The Cycle of Women in Robotics from Vicious to Virtue ?

The nature of robotics and AI makes vicious cycles for all kinds of vulnerable and underrepresented groups.

It is no secret that engineers and scientists around the world are disproportionately men and without disrupting this norm, the lack of women in robotics will continue to self-perpetuate.

What are Vicious and Virtue Cycle?

The terms virtuous circle and vicious circle, also known respectively as virtuous cycle and vicious cycle, refer to complex chains of events that reinforce themselves through a feedback loop. A virtuous circle has favorable results, while a vicious circle has detrimental results. Both circles are complex chains of events with no tendency toward equilibrium

Fewer women scientists lead to less studying or celebrating the experiences, successes and lives of women in relation to STEM. This gender data gap means robotics and AI solutions are created in a gendered way – reflecting the lived experience of men over women. This in turn means that women lose out on the benefits and disproportionately feel the downsides, which alienates them from STEM roles, bringing us back to where we started – a lack of women in STEM.

The ethicist who studies the ethics of robotics and AI, are consistently asking questions about how to design better robotics products in order to achieve what call responsible robotics. Responsible robotics is about the design process as well as the product itself. It is concerned with the material from which the product is made, how it will interact with people, as well as the consequences of using it. The concept of a gender data gap provides a platform for asking questions specific to gender, diversity and inclusion in robotics. Giving voice – and therefore data – to women’s experiences with robots is one important obstacle to overcome in order to achieve the responsible design, development, and regulation of robotics.

In the early days of the research assistant who worked in a robotics institute.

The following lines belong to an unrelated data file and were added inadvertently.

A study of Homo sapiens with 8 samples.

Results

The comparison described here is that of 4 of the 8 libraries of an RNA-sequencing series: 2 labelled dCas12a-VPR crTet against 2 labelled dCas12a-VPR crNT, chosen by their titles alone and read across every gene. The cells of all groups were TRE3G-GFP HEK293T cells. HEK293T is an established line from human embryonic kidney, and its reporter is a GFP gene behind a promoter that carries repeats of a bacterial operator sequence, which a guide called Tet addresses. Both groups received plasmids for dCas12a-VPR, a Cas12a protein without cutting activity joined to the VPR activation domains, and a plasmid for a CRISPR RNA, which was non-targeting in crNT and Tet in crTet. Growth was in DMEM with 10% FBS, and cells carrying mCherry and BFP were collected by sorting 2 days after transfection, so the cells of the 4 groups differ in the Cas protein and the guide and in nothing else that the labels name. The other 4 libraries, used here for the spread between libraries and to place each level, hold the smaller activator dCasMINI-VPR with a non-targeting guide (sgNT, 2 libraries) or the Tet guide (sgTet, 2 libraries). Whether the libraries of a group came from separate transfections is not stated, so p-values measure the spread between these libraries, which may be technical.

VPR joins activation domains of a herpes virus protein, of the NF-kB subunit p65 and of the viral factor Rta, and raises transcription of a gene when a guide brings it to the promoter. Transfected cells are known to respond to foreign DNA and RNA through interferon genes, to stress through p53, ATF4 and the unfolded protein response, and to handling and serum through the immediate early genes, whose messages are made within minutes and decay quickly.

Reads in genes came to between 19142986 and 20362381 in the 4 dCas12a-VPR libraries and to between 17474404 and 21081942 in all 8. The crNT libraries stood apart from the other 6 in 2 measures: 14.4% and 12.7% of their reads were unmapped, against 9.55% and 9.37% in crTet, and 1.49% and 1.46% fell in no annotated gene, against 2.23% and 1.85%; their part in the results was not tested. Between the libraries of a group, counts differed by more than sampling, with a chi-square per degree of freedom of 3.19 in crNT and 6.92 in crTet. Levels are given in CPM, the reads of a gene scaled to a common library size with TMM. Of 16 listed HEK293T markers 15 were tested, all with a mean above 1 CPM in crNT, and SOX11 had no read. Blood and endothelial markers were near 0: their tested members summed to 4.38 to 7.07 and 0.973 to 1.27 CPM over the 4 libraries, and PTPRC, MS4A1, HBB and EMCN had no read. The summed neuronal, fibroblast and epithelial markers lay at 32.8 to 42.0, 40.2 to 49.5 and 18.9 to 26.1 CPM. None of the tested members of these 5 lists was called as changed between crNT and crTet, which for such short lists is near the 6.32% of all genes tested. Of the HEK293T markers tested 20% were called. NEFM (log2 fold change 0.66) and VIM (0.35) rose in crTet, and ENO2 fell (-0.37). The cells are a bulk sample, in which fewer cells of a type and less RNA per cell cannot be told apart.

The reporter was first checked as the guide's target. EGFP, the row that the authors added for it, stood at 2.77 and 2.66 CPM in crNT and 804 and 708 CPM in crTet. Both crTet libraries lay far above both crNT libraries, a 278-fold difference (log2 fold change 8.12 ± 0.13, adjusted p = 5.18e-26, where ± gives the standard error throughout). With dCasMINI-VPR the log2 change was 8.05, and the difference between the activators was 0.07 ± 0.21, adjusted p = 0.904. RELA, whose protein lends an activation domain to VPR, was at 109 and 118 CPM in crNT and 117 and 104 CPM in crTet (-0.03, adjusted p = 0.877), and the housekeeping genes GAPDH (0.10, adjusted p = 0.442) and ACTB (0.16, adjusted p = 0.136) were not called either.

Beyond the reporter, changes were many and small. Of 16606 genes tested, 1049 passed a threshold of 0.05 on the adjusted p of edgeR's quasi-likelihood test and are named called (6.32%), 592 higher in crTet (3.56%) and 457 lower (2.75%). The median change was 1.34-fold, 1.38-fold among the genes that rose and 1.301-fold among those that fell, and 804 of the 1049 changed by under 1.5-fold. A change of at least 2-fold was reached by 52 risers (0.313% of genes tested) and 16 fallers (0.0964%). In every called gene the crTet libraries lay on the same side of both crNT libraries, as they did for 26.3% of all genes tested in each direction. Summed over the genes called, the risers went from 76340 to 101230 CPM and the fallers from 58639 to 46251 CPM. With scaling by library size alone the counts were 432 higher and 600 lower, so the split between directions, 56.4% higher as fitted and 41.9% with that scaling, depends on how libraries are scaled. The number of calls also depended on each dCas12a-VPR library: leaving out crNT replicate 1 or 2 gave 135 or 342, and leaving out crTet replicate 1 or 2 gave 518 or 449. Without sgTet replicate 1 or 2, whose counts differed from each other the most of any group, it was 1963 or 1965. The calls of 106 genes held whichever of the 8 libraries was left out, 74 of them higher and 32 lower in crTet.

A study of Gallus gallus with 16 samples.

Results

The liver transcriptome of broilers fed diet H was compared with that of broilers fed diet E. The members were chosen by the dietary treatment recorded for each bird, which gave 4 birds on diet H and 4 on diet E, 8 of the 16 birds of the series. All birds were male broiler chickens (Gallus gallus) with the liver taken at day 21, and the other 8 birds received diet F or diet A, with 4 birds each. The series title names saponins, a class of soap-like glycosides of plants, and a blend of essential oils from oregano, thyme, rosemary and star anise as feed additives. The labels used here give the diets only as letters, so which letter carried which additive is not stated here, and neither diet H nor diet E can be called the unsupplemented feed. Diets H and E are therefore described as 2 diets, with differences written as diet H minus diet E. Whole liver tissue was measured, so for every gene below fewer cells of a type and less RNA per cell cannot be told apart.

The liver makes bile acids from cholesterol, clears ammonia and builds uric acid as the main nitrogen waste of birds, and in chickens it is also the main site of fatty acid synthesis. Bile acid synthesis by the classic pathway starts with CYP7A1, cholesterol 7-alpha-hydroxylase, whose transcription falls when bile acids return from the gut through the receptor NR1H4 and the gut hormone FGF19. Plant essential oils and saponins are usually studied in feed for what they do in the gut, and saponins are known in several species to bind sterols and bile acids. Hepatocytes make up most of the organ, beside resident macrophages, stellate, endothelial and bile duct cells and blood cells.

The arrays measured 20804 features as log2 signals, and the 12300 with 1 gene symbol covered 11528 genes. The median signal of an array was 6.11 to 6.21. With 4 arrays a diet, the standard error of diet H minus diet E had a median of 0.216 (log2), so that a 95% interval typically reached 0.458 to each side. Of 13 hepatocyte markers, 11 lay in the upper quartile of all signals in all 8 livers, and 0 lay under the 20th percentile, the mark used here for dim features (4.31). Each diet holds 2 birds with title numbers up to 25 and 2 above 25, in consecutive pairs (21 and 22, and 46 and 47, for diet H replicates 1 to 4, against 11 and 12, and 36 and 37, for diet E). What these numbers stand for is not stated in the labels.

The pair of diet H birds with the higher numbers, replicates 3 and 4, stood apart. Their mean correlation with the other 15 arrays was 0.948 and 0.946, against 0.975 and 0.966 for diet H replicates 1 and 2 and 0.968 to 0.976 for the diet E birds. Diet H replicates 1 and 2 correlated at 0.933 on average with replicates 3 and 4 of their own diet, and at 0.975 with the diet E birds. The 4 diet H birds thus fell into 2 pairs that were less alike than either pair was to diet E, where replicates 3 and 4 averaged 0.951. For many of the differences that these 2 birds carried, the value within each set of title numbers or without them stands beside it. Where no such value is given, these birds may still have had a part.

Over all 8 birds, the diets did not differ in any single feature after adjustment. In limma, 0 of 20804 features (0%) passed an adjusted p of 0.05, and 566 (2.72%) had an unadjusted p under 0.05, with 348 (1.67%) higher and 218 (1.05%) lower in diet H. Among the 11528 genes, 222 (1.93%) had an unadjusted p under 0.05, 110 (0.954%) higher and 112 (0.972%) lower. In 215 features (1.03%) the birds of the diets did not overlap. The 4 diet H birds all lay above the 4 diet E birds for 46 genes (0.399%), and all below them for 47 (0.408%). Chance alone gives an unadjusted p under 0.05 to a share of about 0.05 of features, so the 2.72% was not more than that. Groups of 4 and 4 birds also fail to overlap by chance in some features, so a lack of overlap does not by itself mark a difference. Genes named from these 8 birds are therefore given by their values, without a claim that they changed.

Their role involved training surgeons on the various surgical robots and testing performance. The focus was on how to measure accuracy and efficiency, but whilst accuracy in surgery is incredibly important, there was a need to consider the bigger picture of how technology will impact in the contexts in which it is used. In surgery the pre and post-operative period are crucial for the well-being of the patient, as are the people responsible for patient support during these periods. Nurses will tell you that due to the introduction robots in surgery their entire role changed. New skills had to be learned and new responsibilities were delegated.

For example, robotic surgery led to shorter hospital stays for patients, meaning that nurses had to train family members to care for their loved ones at home. However, none of this contributed to the evaluation of the robot. None of this is currently included in the history of the introduction of the surgical robot. And if this continues, none of this will be used to develop and implement the next generation of surgical robots.

Robots are also designed for other tasks like lifting, bathing, and feeding patients. And this trend extends well beyond the walls of the hospital. Robot vacuum cleaners, sanitizers, secretaries, educators, lovers, etc. are all currently under development and in use. Each of these tasks and roles represent moments in which if we’re not careful the crucial experience of females could be missed to the detriment of society.

This is the vicious cycle we find ourselves in. The nature of robotics and AI makes vicious cycles like these for all kinds of vulnerable and underrepresented groups, not to mention the environment if we don’t consider electronic waste. We must find opportunities to disrupt this vicious cycle and turn it into a virtuous one, and this begins with closing the gender data gap. Such a task requires that need identifying who is responsible for what?

It also requires policy makers, educators, and heads of tech to foster inclusiveness in robotics, including intervening to increase the presence of women in robotics. It doesn’t have to mean turning every woman into a roboticist, but acknowledging the fact that women and men experience the world differently and will both have invaluable insight into how robots should be designed and developed.

There is also need to re-consider the kinds of (empirical) research going on to study the impacts of robots. Women in robotics will be users and will be impacted by robot products, and it is time to give voice to their experiences. Employers, academics, and policy makers in the robotics space need to actively engage the female voice through qualitative and quantitative methods of study in human-robot interactions.